Chatterbox Challenge as a Test-Bed for Synthetic Emotions

Chatterbox Challenge as a Test-Bed for Synthetic Emotions

Jordi Vallverdú (Universitat Autònoma de Barcelona, Spain), Huma Shah (Universitat Autònoma de Barcelona, Spain) and David Casacuberta (Universitat Autònoma de Barcelona, Spain)
Copyright: © 2010 |Pages: 26
DOI: 10.4018/jse.2010070102

There are a variety of objections to the “Turing test” and whether it can really be a way to assert whether a computer is thinking or not, it is beyond the scope of this paper to review them, readers are directed to Shah and Warwick (2010b) nevertheless the concept of being able to pass the Turing test is a complex endeavour indeed, and analysing such a variant Turing test contest can be of great philosophical value.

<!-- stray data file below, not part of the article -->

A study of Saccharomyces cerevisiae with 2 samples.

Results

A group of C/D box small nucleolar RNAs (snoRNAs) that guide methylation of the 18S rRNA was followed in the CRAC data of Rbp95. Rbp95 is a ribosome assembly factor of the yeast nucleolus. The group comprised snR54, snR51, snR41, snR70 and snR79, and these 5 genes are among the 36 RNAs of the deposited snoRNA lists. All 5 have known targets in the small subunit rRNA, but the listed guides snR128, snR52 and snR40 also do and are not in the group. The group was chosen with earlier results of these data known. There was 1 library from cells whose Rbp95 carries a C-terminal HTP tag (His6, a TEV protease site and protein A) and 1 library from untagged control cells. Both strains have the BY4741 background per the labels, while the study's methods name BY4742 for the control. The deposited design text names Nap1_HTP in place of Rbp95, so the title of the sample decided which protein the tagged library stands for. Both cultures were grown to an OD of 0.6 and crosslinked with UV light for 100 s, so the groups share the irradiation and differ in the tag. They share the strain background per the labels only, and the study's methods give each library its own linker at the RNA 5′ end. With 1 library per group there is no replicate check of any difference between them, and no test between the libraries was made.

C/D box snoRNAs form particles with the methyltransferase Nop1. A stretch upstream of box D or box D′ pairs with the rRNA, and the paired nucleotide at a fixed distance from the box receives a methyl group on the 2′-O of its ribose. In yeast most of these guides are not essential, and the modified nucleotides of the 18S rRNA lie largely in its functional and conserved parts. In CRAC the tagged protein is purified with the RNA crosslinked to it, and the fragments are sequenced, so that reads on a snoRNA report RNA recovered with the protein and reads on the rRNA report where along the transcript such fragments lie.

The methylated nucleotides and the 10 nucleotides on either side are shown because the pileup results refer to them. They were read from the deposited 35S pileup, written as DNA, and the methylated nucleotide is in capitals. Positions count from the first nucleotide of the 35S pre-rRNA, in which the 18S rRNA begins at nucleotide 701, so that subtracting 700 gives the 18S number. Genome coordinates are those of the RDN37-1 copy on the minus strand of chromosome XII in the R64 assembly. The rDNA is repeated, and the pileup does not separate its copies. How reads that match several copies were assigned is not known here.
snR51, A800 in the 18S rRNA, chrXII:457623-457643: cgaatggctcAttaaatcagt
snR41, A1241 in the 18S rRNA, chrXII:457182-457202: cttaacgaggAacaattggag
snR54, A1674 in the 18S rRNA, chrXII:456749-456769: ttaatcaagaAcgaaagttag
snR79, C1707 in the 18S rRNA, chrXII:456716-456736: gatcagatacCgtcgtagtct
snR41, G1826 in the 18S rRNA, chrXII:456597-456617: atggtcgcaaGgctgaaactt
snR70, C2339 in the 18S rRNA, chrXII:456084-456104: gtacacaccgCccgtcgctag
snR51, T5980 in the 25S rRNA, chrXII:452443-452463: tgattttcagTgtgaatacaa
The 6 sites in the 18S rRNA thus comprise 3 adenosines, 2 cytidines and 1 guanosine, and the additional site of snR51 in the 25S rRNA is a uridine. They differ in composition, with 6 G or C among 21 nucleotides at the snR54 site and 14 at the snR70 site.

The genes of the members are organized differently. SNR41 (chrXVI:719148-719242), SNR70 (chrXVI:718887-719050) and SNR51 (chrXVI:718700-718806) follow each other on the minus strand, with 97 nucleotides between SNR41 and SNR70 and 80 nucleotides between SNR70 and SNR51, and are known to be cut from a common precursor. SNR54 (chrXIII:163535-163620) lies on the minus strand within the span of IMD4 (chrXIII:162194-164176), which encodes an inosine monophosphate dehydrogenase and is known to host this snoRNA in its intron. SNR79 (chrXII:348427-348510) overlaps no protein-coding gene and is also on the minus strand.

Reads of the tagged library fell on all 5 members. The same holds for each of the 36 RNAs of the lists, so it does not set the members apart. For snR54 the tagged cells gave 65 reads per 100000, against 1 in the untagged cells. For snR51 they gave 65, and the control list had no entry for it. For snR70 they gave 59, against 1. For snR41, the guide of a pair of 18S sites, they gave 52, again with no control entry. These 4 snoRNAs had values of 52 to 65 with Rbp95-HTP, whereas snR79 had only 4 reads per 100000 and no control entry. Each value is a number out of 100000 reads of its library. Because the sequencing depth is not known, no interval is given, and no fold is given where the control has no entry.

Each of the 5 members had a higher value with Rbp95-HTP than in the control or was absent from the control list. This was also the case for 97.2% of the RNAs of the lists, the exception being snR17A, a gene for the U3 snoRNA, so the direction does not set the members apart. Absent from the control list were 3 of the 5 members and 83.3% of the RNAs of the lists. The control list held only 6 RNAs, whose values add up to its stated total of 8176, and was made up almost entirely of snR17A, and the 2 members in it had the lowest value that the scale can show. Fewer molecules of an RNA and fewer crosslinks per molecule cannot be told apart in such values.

Turing put forward possible questions and answers to show that if the responses were “satisfactory and sustained” then one might not describe the answers as “an easy contrivance” (1950, p. 447). It is this method to assess whether machine responses to questions are satisfactory and sustained that is evaluated in an annual contest – the Chatterbox Challenge. Artificial conversation systems (ACE), commonly known as ‘chatbots’ compete against each other across a number of categories. What is considered a satisfactory response can be subjective; one interrogator may find a response inappropriate while another may accept it as humorous. An answer to a question may seem ersatz-like, but may also be a satisfactory emotive response under interrogation or conveying disinterest in topic by the ‘witness’. Whether machines are capable of expressing emotion through their responses or whether they are still Eliza-like (Weizenbaum, 1966) can be found by analysing the contest’s transcripts.